THE secret history of an East Lothian hill fort has been revealed by archaeologists.
Details of an extensive dig at Broxmouth was conducted in the 1970s shortly before the site was destroyed by a cement works.
It has revealed the community lasted for almost 1000 years before the area was abandoned when the Romans left.
Evidence was found that part of the hill was occupied as early as 3000 BC – earlier than first thought.
Around 600 BC a wooden stockade was built, and as subsequent generations inhabited the site a monumental timber roundhouse, and its auxiliary structures were erected.
The study also revealed it had a violent history.
Fragments of bone which had suffered traumatic injuries from swords and axes were scattered round the site.
The research is published in the latest edition of the magazine British Archaeology.
Professor Ian Armit, who led the team investigating the site, said: “What we found has turned round preconceptions of the site.
“We’ve got a level of detail that would never have been possible before, because of the very large number of high quality radio carbon dates.
“There’s debate about why hill forts were built”, Professor Armit said.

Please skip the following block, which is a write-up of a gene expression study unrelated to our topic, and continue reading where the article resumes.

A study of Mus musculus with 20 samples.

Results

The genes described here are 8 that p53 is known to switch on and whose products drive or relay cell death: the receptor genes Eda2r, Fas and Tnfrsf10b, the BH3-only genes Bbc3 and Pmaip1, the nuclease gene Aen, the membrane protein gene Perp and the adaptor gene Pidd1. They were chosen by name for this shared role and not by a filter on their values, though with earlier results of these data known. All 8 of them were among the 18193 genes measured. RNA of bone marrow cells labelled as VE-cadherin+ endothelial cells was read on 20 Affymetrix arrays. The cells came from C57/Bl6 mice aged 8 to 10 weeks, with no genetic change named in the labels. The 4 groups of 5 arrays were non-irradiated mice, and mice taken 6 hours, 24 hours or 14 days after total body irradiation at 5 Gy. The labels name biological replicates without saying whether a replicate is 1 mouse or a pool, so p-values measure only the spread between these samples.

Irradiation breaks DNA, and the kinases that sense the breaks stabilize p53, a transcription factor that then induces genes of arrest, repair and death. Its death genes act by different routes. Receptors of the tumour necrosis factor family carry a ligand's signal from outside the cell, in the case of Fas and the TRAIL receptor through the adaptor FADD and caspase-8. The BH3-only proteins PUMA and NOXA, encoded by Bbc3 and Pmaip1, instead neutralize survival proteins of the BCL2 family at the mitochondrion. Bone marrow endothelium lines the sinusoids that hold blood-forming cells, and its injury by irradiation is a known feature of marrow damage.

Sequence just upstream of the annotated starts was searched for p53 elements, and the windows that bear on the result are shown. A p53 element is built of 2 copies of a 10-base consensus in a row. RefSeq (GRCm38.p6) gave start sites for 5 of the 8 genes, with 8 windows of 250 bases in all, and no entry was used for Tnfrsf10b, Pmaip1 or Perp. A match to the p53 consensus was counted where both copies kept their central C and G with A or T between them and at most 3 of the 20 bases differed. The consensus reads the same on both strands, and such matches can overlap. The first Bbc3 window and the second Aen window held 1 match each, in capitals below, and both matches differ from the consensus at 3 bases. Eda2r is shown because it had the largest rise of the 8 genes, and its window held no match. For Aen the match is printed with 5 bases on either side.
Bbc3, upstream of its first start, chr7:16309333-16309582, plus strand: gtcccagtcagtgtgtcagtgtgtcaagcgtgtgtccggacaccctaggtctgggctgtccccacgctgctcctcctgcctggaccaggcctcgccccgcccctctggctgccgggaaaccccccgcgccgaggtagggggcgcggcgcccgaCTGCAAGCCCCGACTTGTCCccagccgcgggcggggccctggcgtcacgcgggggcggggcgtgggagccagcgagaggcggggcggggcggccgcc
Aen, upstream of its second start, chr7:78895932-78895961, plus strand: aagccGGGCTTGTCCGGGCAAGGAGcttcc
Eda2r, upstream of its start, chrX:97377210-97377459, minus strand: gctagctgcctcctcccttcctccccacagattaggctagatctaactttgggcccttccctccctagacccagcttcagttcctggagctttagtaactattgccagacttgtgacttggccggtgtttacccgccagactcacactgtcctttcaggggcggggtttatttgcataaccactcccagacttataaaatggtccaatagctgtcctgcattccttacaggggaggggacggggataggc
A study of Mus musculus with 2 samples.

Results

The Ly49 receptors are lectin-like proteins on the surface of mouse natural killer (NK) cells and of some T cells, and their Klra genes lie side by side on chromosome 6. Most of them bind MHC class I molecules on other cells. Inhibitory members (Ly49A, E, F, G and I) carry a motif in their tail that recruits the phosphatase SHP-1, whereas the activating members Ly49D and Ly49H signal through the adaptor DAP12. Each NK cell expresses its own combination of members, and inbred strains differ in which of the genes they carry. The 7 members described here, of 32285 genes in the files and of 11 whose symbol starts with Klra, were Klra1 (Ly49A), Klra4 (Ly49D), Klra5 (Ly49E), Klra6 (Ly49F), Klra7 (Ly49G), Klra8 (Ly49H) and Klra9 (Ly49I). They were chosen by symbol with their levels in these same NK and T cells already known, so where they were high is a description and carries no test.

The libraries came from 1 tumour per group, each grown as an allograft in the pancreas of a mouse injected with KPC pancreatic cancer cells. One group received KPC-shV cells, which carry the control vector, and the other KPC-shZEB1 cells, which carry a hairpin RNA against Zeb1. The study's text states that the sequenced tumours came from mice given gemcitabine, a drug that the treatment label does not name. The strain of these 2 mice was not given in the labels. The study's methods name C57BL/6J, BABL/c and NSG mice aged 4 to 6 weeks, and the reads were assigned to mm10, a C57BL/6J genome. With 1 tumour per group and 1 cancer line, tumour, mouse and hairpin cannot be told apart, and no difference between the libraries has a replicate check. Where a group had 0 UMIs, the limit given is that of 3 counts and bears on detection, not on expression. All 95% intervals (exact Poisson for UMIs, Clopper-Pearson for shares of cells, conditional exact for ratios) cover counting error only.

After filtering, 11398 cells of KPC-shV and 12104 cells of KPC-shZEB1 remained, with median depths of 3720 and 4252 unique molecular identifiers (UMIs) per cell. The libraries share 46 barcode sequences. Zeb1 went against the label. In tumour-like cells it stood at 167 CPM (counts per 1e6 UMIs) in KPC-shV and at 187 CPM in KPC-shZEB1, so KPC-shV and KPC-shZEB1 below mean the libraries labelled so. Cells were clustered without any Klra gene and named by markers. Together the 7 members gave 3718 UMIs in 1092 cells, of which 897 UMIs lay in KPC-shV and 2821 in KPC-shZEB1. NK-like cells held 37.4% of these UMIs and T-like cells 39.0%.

“But the forts also seem to have been built, at least in part, for show. So the entrance is very elaborate, but the ditches and ramparts were pretty useless and had to be constantly rebuilt.”
The archaeologists also uncovered a cemetery at the site, containing a tiny proportion of the residents who must have lived there.
Some of the graves were very elaborate, perhaps suggesting that they contained the remains of high status individuals.
He said the most striking finding was that the site was home to a very settled and stable community, which lasted until about 200 AD.
That “seems to have coincided with the period when the Romans withdrew,” Professor Armit explained.
“Whatever the reason, Broxmouth was never inhabited again.”